Understanding German Wine
One of the most misunderstood and maligned Old World wine regions is one of our favourites: Germany. German wines have long been considered cheap, sweet, unbalanced plonk by a large portion of North American wine consumers. This is a terribly unfair characterization, driven by the proliferation of poor quality, value offerings available in our local shops. However, Sommeliers have always loved Germany as it is the Mothership for the “King of Grapes”, Riesling.
Germany is a true cool-climate wine country. The secret to success for winemakers in this Northern region is to seek out vineyard sites close to rivers that offer the perfect microclimate to craft nervy, acid-driven wines with purity of fruit. The vast majority of vineyards here are in close proximity to the Rhine and Mosel and their tributaries. Limestone, Devonian Shale and Slate are the main soil types, with some exciting volcanic soil in the Nahe and calcareous marl in some of the smaller subregions. All of these are perfect for growing fresh whites and balanced reds.
One very confusing aspect for many consumers is the almost incomprehensible German wine labelling system. Many wineries are eschewing this system and placing more of a focus on proprietary branding and varietal name, but wines of quality still possess a daunting array of multi-syllabic terms. To understand these wines, you need to have a handle on the labelling laws.
There are 13 distinct wine producing regions in Germany, known as Anbaugebiete. These include popular regions like Mosel (formerly Mosel-Saar-Ruwer), Rheingau, Rheinhessen and Pfalz, as well as interesting, lesser known ones like the volcanic soiled Nahe and the red wine focused, warmer Baden. There are subregions as well; 39 districts, known as Bereiche, 167 vineyard collectives called Grosslagen and over 2600 individually designated vineyards called Einzellagen. Wineries are known as Weingut. If a wine is “Estate Bottled”, it may have Gutsabfüllung on the label.
At the top of the German wine classification system are the Prädikatswein (formerly QmP), that utilize the Prädikat, referring to the weight of sugar in the must of unfermented grapes according to the Oeschle scale. This does not necessarily indicate the wine itself will be sweet, but that it has achieved a high level of ripeness, quite difficult in many of the vintages in Germany. Within the Prädikat, there is a tier system, ostensibly for quality, but there are many stellar examples of “lower tier” wines. Kabinett is the entry level (usually, but not always, off-dry); a wine that bears the term Feinherb will be medium sweet. The other tiers are Spätlese (late harvest), Auslese (select late harvest), Beerenauslese (berry selection late harvest), Trockenbeerenauslese (dried berry selection late harvest, frequently botrytis affected) and Eiswein (like Canadian Icewine, made from frozen grapes).
The next level is known as QbA (Qualitätswein bestimmter Anbaugebiete). These wines come from one of the 13 distinct wine regions referenced above and the region must be shown on the label. This classification does not refer to sweetness levels, but you may see references to Trocken (dry) or Halbtrocken (off-dry or half dry) on the label. There are also Deutscher Wine and Deutscher Landwein classifications, which refer to more generic bottlings that can be multi-regional.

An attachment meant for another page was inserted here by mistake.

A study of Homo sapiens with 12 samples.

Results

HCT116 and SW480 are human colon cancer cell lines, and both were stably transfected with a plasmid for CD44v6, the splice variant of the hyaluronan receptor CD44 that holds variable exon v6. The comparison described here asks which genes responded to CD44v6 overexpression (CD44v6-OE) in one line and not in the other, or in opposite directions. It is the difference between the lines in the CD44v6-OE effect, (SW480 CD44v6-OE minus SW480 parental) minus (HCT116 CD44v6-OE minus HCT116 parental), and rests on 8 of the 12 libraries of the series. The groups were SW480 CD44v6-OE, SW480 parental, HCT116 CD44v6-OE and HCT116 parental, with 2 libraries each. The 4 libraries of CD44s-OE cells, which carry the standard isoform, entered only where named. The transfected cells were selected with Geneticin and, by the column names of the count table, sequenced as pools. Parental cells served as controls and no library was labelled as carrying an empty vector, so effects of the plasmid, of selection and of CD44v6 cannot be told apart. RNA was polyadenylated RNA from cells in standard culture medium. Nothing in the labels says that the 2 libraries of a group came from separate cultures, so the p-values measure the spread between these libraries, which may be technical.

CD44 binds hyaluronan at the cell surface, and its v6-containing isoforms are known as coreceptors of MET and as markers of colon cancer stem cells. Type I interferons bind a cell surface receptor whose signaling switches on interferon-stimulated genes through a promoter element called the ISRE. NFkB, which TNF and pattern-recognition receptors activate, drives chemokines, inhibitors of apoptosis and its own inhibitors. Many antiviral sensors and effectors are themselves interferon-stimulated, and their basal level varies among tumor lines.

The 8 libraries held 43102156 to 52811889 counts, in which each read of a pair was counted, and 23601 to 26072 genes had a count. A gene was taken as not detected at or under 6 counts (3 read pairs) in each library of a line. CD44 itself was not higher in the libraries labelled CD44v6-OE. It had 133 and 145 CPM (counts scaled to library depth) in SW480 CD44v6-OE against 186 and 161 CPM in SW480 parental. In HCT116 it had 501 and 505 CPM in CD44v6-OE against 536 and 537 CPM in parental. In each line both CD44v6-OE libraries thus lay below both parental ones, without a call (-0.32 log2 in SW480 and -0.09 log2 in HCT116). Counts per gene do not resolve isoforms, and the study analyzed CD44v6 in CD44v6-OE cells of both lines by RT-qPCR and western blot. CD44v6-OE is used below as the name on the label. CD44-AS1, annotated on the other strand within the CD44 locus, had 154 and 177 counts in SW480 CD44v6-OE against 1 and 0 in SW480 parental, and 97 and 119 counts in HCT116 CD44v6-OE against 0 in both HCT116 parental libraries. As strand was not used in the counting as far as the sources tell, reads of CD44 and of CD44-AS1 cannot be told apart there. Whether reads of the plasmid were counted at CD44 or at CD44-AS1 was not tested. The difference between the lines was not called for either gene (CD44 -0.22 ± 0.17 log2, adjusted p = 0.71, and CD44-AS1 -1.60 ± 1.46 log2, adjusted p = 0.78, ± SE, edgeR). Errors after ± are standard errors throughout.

A relatively new classification was created in 2012 called VDP (Verband Deutscher Prädikatsweingüter). This brought together approximately 200 of the best wineries in Germany that all agreed to certain standards which are more stringent than those outlined in German wine law including: limiting hand harvests to under 50 hl/ha, having a minimum must weight (sugar ripeness in the grapes) and coming from recognized, top-quality sites. This was created particularly, but not exclusively, for dry wines which were not classified as top quality under the Prädikat, that has a hierarchy based on sweetness. The two top levels within this are Erste Lage (the equivalent of Premier Cru in Burgundy) and Grosse Lage (Grand Cru), with the dry wines in this category, typically from the Rheingau, given the term “Grosses Gewachs”. The lower tiers are called Gutswein (good from the ground up) and Ortswein (sourced from superior soils).
While Riesling is certainly king amongst German wines, there are beautiful examples of Pinot Gris (Grauburgunder), Pinot Blanc (Weißburgunder), Silvaner (a steely, mineral-driven white), as well as elegantly crafted reds made from varietals like Spätburgunder (Pinot Noir), Dornfelder, Zweigeltrebe and Blauburgunder (Blaufrankisch or Frankovka).
At Buyers+Cellars, we have an exciting lineup of German winery partners including Markus Hüls from the Mosel, Weingut Weschler and Weingut Manz from Rheinhessen and Matthias Gaul, a Pinot Noir specialist from Pfalz.
Riesling Feinherb Hüls 2018
Loaded with intense aromatics of grapefruit, passion fruit and yellow plum. The palate is off-dry, round and beautifully textured. At once a complex and easy, delicious wine.
Manz Silvaner Trocken 2019
This is a dry and flavourful wine from Rheinnhessen. Aromas of ripe apple and peach alongside streaky minerality.
Weissburgunder Trocken 2018
A wine made for gastronomy, this is serious and playful at once. Aromas of white blossom, apricot and peach abound. The palate is mid-weight, nicely textured and dry, with a slight muttiness added on the finish.
Pinot Noir Asselheim 2017
An elegant and mineral-inflected Pinot Noir. It is highly aromatic and leans towards darker fruit notes: blackcurrant, black cherry. The palate adds a mineral freshness with rupe, soft tannins and bright acidity.